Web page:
Some New Koine Greek Videos

Fellow blogger Michael Halcomb has begun posting some communicative Greek κινηματογραφικά at his website Pisteuomen under the series title Νοουμεν Ελληνις (that should probably be ἑλληνιστὶ νοοῦμεν or νοοῦμεν τὰ ἑλληνικά/τὴν ἑλληνικήν). I believe Michael is freshly back from his communicative Greek experience in Israel with Randall Buth and the folks at the Biblical Language Center. I’ve not gotten the chance to watch any of the videos closely yet, so I can’t vouch for their quality, but I can say that we need more of these kinds of videos—short, focused, easy to follow. As one commenter said, “It’s Sesame Street for Greek geeks!”

I think YouTube will be a major resource for the communicative Greek movement (indeed, for all language learning). In another post, I mentioned the necessity of language lab type materials for communicative teaching to really be successful. YouTube brings the lab into every student’s home! Unfortunately, recording a video of any quality in Greek is pretty time-consuming, especially when you don’t know Greek! Smile In any case, κῦδος to Michael for his contributions.


  1. I’ve watched all four of the videos and they are excellent. They are not mistake-free; you are unlikely to see perfect Greek videos but, as you, Daniel, have said, in learning Ancient Greek we must not allow the perfect to be the enemy of the good. Micheal does a great job of using simple props to communicate meaning and he uses repetition to drill simple constructions. I love what he does with prepositions: τὸ ἑρπετόν ἐστιν ἐπὶ τὴν κεφαλήν μου. I hope he keeps it up and makes many more videos. I like the way he ends each video: τὸ τέλος.

    I myself have been making Koine videos for a year and half. I have 73 so far. If you go to my You Tube channel

    you can see my videos but, more importantly in my favorites, I have collected about 40 videos made by others. All these are communicative Ancient Greek videos and I think I have included virtually every one out there making these type of videos (including Michael.) I am thrilled that Michael has joined our happy chorus and I am confident that more and more people will be making them in the future.

    It takes, as Mrs. Clinton might say, a village to learn a language. We don’t yet have villages of Koine learners, but You-Tube may be the next best thing. As I have said before, the living language pedagogical revolution must be televised.

  2. I was close to doing ελληνιστι but then chose not to. I actually was wondering how long it might be before someone commented on the title νοουμεν ελληνις (can’t really have 2 subjects can we!?).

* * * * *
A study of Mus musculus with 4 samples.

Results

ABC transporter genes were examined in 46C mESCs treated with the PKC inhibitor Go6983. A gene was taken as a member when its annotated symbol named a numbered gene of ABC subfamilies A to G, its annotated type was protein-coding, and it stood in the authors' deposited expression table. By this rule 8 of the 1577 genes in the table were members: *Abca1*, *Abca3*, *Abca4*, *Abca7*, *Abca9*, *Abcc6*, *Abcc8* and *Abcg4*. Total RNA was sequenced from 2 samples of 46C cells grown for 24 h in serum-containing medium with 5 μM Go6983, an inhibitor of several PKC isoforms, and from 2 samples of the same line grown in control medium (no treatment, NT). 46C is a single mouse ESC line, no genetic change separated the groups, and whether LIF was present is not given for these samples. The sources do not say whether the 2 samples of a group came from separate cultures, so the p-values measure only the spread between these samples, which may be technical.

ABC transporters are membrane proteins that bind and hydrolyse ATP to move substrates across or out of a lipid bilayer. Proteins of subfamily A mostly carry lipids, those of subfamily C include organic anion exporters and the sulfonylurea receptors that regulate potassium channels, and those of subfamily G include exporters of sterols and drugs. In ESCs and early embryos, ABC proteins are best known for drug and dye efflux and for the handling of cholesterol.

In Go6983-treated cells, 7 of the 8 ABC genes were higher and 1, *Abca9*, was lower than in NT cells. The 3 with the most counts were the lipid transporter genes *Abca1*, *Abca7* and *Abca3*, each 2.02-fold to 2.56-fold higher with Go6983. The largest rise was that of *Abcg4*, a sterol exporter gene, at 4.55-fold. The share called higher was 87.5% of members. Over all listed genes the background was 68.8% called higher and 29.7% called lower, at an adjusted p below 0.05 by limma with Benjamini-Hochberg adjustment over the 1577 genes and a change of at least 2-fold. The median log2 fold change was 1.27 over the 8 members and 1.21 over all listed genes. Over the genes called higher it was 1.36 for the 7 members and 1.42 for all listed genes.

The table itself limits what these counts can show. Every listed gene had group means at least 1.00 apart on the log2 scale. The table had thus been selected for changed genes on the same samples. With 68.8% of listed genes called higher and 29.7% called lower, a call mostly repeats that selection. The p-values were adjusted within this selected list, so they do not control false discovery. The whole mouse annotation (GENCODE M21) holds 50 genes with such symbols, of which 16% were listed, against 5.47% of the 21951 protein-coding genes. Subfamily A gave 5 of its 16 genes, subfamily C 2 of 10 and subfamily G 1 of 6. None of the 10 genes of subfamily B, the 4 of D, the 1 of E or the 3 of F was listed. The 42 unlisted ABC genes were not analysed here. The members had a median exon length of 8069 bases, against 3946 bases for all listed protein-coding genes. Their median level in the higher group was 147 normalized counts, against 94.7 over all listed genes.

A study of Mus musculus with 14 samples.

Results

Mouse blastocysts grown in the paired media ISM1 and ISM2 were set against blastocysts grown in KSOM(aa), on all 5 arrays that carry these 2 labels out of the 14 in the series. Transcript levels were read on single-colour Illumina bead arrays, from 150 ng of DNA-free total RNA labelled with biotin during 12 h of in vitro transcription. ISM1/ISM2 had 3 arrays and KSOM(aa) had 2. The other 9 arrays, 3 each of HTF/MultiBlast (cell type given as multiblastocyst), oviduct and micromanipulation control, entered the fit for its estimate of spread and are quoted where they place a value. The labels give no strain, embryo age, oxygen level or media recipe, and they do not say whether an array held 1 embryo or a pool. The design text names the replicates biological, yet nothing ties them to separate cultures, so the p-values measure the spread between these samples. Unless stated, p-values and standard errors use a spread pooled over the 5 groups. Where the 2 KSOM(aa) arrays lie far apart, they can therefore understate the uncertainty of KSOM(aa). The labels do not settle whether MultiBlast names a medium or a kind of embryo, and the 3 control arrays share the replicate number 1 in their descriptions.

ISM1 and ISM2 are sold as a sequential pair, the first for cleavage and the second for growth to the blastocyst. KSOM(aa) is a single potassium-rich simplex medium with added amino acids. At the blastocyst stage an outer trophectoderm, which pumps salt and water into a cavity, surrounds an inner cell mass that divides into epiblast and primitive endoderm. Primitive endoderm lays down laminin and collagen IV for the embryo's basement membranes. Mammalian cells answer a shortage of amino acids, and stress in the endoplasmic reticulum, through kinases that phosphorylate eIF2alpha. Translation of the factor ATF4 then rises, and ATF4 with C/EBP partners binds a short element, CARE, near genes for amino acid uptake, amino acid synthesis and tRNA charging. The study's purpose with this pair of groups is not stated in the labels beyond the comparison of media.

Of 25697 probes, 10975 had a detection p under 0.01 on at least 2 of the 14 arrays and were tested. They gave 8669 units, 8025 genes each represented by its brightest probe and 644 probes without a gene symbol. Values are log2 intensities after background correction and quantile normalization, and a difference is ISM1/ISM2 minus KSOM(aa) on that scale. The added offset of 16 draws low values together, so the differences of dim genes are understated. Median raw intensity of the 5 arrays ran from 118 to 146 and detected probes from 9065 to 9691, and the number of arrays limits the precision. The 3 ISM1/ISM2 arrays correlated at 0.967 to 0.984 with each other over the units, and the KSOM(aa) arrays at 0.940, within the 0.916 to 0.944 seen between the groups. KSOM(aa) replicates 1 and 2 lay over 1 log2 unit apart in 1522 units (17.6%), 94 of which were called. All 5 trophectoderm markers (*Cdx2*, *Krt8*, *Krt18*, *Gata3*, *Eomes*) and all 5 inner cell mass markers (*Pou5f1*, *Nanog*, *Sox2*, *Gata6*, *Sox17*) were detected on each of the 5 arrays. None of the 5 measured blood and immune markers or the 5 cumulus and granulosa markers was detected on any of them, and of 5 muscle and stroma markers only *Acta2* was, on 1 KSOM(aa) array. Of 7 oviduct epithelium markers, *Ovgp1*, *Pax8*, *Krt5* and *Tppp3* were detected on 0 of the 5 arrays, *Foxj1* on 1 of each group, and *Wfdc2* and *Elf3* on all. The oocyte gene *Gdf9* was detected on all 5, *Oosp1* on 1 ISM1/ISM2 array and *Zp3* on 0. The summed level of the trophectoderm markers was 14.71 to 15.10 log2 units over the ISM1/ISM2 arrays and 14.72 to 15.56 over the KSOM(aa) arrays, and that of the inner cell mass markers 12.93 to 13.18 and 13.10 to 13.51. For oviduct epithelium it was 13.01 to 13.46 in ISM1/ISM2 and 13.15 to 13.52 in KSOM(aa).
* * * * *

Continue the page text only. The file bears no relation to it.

3. Mark, great meeting you!!! As I said in my initial post, I plan on making a lot of mistakes! Sad that the title was included but hey, I actually updated the series title to νοουμεν ελληνικα (leaving off the article). Anyway, thanks for the encouragement fellows! More videos to come!!! Let’s keep building this village.

  4. I just watched four more new videos that Michael just posted. I am thrilled to see that he is essentially putting together a systematic, complete, beginners course for learning to speak Ancient Greek. We have long complained that such a course does not exist. We have pined for a Koine Rosetta stone, but if Michael continues making more videos we will have something BETTER than Rosetta stone, since the visuals are more sophisticated. I have long been very impressed with a certain video course for Latin:

    and have wished that someone would do it for Greek. Michael is answering the call.

    I notice that Michael does use a little (very little) English in his videos, but that’s okay. Again, I think beginners will benefit greatly from watching these just as they start to learn Greek. I like the way Michael asks questions. (ποῦ ἐστιν ὁ ἄρτος?) One can pause the video and answer (ὁ ἄρτος ἐγγὺς τοῦ ποτηρίου) and then hit play to check your. Even though my Greek is pretty good, I still benefit from doing this myself.

    The good news is that Michael has 13 videos so far. The bad news is that in the Latin videos above, the guys has made over 300 and is still not done. I would like to see Michael do several hundred and get to the point of drilling the more rare words and constructions so intermediate learners can benefit. That would take quite a time committment, and I hope he can it. But I think the Rubicon of Living Language Ancient Greek has been crossed. Michael is a pioneer, but others will follow. At the end of 2009, Christophe Rico posted what I think was the very first Conversational Ancient Greek video on You-Tube. (I’m not including stuff like people reading texts or reciting paradigms or Greek Orthodox chants, but people actually using Koine to communicate.) Now, there are several hundred. And Michael’s may be the very best. εὖγε, φίλτατε Μιχαηλ.